Here’s Why It’s Important for You
Stroke is the number five cause of death in the United States, and a leading cause of disability. However, 80 percent of strokes are avoidable.
First, a definition: Stroke is a disease that affects the arteries leading to and within the brain. A stroke occurs when a blood vessel that carries oxygen and nutrients to the brain is either blocked by a clot, bursts or ruptures. When that happens, part of the brain cannot get the blood or oxygen it needs, which leads to the death of brain cells.
Ischemic Stroke: Can be caused either by a clot obstructing the flow of blood to the brain
Hemorrhagic Stroke: Can be caused by a blood vessel rupturing and, likewise, preventing blood flow to the brain
Transient Ischemic Attack (TIA): Also known as “mini stroke,” it is caused by a temporary clot.
Effects of Stroke
The brain is an extremely complex organ that controls various body functions. If a stroke occurs and blood flow can’t reach the region that controls a particular body function, that part of the body won’t work as it should. The effects of a stroke depend on several factors, including the location of the obstruction and how much brain tissue is affected.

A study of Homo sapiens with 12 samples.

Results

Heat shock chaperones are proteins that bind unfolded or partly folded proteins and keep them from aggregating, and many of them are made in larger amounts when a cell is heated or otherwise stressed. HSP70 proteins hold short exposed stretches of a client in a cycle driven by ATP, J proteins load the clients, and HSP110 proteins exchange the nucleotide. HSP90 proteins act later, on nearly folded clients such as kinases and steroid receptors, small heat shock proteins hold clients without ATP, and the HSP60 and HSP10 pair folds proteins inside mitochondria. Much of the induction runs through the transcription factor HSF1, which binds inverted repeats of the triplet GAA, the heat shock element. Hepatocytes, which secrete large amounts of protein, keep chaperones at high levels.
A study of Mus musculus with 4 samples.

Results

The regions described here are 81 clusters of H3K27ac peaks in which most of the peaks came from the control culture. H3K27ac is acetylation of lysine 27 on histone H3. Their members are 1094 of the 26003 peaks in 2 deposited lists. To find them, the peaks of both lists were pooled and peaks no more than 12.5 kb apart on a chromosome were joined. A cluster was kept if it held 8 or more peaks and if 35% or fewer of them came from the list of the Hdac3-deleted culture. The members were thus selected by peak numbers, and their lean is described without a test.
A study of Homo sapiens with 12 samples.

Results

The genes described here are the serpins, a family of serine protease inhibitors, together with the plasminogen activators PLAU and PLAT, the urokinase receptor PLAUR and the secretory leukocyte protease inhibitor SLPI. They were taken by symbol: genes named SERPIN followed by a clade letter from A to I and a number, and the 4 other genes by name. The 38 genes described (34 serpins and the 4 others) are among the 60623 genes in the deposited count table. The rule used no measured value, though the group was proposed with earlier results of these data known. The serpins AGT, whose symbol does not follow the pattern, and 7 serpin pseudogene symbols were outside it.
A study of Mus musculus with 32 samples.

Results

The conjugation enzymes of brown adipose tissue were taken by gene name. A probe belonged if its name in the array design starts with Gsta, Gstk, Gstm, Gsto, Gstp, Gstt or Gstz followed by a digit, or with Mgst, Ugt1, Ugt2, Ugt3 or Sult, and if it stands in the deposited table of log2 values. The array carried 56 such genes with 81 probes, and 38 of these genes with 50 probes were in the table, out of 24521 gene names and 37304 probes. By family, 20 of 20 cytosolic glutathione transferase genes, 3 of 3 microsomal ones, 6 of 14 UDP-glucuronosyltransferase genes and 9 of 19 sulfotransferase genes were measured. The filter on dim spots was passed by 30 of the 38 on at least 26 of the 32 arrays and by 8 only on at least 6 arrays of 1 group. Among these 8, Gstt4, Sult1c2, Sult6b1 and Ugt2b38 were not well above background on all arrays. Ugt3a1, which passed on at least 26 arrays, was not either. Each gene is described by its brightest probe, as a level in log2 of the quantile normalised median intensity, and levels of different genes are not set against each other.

If the stroke occurs in the left side of the brain, the right side of the body will be affected, producing some or all of the following:
- Paralysis on the right side of the body
- Speech/language problems
- Slow, cautious behavioral style
- Memory loss
If the stroke occurs in the right side of the brain, the left side of the body will be affected, producing some or all of the following:
- Paralysis on the left side of the body
- Vision problems
- Quick, inquisitive behavioral style
- Memory loss
Remember how we said at the beginning that 80% of strokes are avoidable? There are certain risk factors that aren’t within your control, such as heredity, race, and gender—women are more prone to stroke. But there are a number of risk factors that you can address and manage fully. You can control or treat these risk factors with lifestyle changes and, as always, your healthcare provider’s help:
- High blood pressure
- High blood cholesterol
- Lack of regular activity
- Obesity or overweight
Finally, the most important thing to know about stroke is how to recognize the symptoms. Time is of the essence: the more quickly a stroke victim receives medical help, the less severe the effects of the stroke will be. Here’s an easy way to remember what to look for based on this mnemonic (keyword) device:
- Face – By asking the person to smile you can tell immediately if one side of the face droops.
- Arm – Ask the person to raise both arms. Cjeck to see if one arm drifts lower than the other.
- Speech – Slurred speech is a symptom of stroke. Ask the person to repeat a single sentence.
- Time – Call 911. FAST! Time may be the difference between life and death, even partial and full recovery.